One aspect of our research focuses on addressing human disorders.
- Neurodevelopmental disorders
- Pitt-Hopkins Syndrome
- Autism Spectrum Disorders
- Psychiatric disorders
- Craniofacial disorders
Our group has a long-standing interest in understanding neurodevelopmental disorders, including those relating to mental health. A great challenge is that these disorders often involve multiple genes, which can be difficult to identify.
Meeting challenges in neurodevelopmental and psychiatric disorders
Understanding the causes of neurodevelopmental disorders is one of the greatest clinical challenges in brain health. Complex behavioral phenotypes and multigenic contributions make a broad range of approaches essential for defining molecular phenotypes and new treatments. Our group established the zebrafish as a useful system for analysis of autism spectrum and other psychiatric disorders. We have focused on the schizophrenia risk gene DISC1 and on the 16p11.2 CNV that is tightly associated with autism spectrum disorders, schizophrenia, intellectual disability and other phenotypes, and Pitt-Hopkins Syndrome a rare monogenic disorder. The 16p11.2 region contains 25 genes, and genetic data indicate that two or more genes synergize in symptomatology. Our recent studies have defined multiple synergistic dosage sensor genes, which begin to construct an “interaction map” in this important genomic region. The work identifies crucial genes involved in disorders and opens avenues to define novel therapeutics.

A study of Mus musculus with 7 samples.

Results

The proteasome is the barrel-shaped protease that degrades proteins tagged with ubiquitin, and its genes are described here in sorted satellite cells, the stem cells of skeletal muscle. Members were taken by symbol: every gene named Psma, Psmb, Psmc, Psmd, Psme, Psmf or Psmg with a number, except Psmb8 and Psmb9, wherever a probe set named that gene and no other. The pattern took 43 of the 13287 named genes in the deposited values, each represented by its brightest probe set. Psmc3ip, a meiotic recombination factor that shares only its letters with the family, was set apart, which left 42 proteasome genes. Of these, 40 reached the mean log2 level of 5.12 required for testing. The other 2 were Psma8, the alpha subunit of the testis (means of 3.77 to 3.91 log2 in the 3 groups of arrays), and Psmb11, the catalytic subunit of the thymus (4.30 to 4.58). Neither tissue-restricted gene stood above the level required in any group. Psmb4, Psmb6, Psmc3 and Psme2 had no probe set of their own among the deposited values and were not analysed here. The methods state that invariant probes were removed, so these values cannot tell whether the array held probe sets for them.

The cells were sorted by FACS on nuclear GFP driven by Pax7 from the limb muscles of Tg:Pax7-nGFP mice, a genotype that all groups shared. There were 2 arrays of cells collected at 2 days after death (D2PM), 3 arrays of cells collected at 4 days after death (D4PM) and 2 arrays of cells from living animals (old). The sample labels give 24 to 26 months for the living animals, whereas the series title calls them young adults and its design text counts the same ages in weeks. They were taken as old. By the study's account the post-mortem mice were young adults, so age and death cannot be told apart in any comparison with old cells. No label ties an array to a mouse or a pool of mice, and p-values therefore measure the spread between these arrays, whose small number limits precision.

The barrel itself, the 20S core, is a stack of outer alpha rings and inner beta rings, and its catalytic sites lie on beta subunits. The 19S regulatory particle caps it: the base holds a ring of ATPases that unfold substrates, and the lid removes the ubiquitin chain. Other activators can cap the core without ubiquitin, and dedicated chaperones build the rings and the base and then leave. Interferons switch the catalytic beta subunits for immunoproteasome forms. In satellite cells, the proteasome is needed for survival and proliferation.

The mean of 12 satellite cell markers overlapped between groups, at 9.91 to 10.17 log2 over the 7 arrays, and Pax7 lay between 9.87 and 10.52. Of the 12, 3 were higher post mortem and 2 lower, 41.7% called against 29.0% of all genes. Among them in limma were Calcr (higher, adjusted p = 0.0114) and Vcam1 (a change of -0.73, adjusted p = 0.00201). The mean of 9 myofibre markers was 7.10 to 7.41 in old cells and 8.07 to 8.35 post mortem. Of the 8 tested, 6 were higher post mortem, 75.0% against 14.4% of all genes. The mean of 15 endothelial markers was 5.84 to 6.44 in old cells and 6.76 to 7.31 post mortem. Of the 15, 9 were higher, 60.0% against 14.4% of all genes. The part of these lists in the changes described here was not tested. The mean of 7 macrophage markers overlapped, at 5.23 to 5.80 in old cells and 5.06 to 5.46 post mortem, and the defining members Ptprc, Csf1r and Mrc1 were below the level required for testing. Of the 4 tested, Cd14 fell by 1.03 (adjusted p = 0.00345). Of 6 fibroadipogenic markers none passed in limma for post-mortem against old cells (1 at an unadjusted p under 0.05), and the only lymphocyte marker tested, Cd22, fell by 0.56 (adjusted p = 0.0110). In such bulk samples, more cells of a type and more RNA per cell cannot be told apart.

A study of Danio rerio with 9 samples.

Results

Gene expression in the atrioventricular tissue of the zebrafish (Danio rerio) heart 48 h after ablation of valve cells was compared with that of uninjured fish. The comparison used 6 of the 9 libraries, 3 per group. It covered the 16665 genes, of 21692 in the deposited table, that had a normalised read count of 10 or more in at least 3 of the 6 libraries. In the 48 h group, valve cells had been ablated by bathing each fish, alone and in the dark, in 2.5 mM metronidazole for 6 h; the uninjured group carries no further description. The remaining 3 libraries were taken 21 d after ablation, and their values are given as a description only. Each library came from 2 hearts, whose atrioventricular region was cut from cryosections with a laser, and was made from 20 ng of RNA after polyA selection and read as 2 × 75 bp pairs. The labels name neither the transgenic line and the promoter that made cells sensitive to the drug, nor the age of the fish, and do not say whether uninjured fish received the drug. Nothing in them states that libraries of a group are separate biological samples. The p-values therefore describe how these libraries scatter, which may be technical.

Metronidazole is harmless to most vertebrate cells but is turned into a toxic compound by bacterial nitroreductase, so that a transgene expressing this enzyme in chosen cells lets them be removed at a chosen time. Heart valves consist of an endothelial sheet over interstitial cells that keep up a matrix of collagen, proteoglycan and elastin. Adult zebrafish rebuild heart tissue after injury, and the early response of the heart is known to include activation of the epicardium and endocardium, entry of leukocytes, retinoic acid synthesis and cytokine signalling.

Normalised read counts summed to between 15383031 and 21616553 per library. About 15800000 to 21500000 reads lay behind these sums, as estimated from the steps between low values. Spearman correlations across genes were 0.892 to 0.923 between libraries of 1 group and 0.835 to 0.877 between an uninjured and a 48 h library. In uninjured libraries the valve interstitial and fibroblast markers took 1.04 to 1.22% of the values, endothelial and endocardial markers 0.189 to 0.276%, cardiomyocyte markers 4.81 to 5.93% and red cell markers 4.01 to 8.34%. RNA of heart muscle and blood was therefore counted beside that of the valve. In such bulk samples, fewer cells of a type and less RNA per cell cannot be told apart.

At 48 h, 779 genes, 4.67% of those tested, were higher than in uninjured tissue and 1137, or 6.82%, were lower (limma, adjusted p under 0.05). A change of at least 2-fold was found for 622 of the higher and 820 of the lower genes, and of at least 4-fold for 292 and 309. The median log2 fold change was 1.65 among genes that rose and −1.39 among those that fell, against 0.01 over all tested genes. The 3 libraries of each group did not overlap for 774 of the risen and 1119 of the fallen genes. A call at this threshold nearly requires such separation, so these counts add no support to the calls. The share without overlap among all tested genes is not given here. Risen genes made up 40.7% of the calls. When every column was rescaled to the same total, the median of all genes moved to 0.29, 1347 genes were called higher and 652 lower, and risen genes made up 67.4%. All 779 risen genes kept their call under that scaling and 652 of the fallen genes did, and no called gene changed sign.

Our group also studies disorders of the brain ventricular system - cavities filled with cerebrospinal fluid (CSF) that form the ‘third circulation’. Correct flow of the CSF is likely crucial for normal brain development and function. Using a unique drainage assay, we identified Retinol Binding Protein in the CSF as essential for survival of brain cells. We propose that many proteins in the CSF play roles in brain health and disease. Ongoing analyses implicate abnormal CSF composition in neurodegenerative disorders.
Craniofacial anomalies are frequent and may go awry frequently due to the many steps involved in setting up the face, and involve both genetic and environmental factors. These steps may occur very early during mouth formation, and involve the Extreme Anterior Domain (EAD), a unique embryonic region that the Sive group named. The EAD gives rise to the mouth, nostrils and anterior pituitary gland. Intriguingly, our group also showed that EAD is a signaling center controlling development of the neural crest, cells that form facial cartilage or bone. Defects in the EAD may therefore lead to both mouth defects, as well as palatal and jaw defects, including cleft lip/palate. Understanding EAD activity in model organisms lends direct insight into human craniofacial anomalies.